The Fight For Indigenous Religious Freedom
Oak Flat is about 4,300 acres of desert landscapein Arizona’s Tonto National Forest, about an hour east of Phoenix. It’s a world-renowned rock climbing spot and a popular hiking and camping destination.
For the Apache, it’s a sacred religious site. The area also hasa massive copper deposit. In a 2014 deal, Congress gave part of Oak Flat to one of the world’s largest copper mining companies.
A grassroots activist group called the Apache Stronghold sued the federal government, arguing that the land transfer violates religious freedom protections.
What does this casemean for othersacred sites around the country?And what does it tell us about religious freedom?
1A received the following statement from RioTinto, the parent company of Resolution Copper:
“Resolution Copper continues to consult and partner with local communities and Native American Tribes to shape the project, which can deliver significant benefits by providing copper needed for the United States to achieve its clean energy ambitions and helping to drive Arizona’s economic future.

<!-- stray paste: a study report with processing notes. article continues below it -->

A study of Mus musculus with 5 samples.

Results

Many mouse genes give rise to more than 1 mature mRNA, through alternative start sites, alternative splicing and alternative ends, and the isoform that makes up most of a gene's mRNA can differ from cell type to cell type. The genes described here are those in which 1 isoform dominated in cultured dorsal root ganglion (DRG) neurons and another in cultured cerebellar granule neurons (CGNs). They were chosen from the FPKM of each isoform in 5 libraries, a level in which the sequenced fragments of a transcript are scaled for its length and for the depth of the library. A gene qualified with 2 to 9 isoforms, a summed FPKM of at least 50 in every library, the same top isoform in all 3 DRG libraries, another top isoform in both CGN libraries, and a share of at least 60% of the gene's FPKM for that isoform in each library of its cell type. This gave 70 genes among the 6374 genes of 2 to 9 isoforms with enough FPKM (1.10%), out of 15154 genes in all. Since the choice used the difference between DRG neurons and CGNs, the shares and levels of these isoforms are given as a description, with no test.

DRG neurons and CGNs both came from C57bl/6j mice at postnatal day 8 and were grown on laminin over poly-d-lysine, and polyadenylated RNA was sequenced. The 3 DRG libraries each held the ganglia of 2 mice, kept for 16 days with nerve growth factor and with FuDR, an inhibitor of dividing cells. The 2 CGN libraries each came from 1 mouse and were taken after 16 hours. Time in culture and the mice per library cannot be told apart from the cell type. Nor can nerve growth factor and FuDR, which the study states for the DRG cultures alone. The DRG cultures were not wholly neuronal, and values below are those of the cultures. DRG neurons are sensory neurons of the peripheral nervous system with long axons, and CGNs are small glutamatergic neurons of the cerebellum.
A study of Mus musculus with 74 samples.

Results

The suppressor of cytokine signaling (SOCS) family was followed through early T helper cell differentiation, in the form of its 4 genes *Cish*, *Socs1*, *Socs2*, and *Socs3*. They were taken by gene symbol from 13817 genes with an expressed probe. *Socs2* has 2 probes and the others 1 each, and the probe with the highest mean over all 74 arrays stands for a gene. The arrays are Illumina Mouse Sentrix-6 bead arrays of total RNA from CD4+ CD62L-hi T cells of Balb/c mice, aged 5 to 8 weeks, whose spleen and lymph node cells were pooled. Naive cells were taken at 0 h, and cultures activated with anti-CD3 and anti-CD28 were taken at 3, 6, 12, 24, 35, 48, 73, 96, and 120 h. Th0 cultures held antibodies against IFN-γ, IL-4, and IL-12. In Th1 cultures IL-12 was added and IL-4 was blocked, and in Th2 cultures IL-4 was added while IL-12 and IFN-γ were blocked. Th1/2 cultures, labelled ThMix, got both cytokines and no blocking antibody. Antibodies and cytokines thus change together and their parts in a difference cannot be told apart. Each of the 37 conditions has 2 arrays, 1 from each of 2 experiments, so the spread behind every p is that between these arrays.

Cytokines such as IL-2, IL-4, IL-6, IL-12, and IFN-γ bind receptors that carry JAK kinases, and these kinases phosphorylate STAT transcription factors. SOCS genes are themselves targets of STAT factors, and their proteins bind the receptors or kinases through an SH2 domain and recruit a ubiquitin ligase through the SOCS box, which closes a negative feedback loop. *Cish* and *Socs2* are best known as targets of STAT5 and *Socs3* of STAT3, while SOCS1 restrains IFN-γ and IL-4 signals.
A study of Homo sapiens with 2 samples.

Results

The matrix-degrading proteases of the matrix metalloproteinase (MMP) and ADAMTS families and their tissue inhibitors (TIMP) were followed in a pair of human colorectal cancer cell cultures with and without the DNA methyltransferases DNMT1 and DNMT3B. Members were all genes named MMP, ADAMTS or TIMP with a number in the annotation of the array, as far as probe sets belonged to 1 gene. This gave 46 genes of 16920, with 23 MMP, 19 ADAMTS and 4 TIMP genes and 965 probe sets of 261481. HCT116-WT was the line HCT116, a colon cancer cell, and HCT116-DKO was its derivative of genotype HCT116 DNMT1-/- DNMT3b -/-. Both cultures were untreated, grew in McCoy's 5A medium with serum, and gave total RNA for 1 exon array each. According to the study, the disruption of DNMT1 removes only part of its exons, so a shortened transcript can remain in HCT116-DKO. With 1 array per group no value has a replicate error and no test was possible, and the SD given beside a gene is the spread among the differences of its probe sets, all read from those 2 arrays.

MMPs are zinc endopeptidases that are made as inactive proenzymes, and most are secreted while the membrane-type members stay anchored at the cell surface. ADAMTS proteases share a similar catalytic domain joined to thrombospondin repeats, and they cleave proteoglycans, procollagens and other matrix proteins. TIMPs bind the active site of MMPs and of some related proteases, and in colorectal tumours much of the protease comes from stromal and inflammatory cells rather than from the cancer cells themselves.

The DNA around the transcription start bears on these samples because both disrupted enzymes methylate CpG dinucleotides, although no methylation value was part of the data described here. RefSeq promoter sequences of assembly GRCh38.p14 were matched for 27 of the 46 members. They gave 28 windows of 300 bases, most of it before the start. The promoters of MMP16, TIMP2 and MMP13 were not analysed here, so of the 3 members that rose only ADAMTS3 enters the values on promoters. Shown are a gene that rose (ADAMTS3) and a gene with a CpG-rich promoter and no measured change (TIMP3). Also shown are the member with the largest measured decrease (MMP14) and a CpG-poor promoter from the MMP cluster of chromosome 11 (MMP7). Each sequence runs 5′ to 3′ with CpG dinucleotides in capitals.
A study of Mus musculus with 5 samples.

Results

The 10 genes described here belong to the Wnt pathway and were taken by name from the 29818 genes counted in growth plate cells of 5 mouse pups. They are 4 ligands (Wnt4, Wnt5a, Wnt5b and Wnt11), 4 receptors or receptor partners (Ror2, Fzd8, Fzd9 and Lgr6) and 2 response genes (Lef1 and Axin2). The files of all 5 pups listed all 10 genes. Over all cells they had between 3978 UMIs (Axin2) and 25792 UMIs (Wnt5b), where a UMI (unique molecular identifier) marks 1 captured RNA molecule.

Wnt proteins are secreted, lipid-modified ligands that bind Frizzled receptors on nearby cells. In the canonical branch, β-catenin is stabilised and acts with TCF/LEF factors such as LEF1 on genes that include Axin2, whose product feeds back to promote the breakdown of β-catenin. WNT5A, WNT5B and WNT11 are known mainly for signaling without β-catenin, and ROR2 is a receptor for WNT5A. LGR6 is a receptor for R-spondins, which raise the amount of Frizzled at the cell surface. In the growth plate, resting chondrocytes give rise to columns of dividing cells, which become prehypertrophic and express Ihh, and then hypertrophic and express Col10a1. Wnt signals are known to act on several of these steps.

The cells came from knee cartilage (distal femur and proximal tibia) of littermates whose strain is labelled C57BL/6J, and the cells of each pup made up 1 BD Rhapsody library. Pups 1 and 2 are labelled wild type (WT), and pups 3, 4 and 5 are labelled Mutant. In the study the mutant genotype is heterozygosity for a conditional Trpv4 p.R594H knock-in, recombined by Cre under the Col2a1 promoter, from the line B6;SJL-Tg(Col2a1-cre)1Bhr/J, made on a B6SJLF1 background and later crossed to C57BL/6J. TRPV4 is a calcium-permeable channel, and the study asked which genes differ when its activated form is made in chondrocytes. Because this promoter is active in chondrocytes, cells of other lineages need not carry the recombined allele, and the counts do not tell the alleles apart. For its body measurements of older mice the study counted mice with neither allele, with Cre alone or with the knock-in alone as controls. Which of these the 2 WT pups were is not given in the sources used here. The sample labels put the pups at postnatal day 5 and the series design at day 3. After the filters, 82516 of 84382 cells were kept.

There has been extensive consultation with Native American Tribes over the past decade, on the terms defined by each consulting tribe. During this time, there have been over 550 documented consultations by the US Forest Service.
As a result, Native American Tribes have considerably influenced the project approach, including reducing the land exchange area, placing the culturally significant Apache Leap under permanent protection, and implementing an Emory oak conservation program.
The Resolution Copper project is strongly supported by many community leaders, labor unions and local businesses, and we are committed to using the many years of consultation ahead of us to deepen our dialogue with local communities and Native American Tribes.”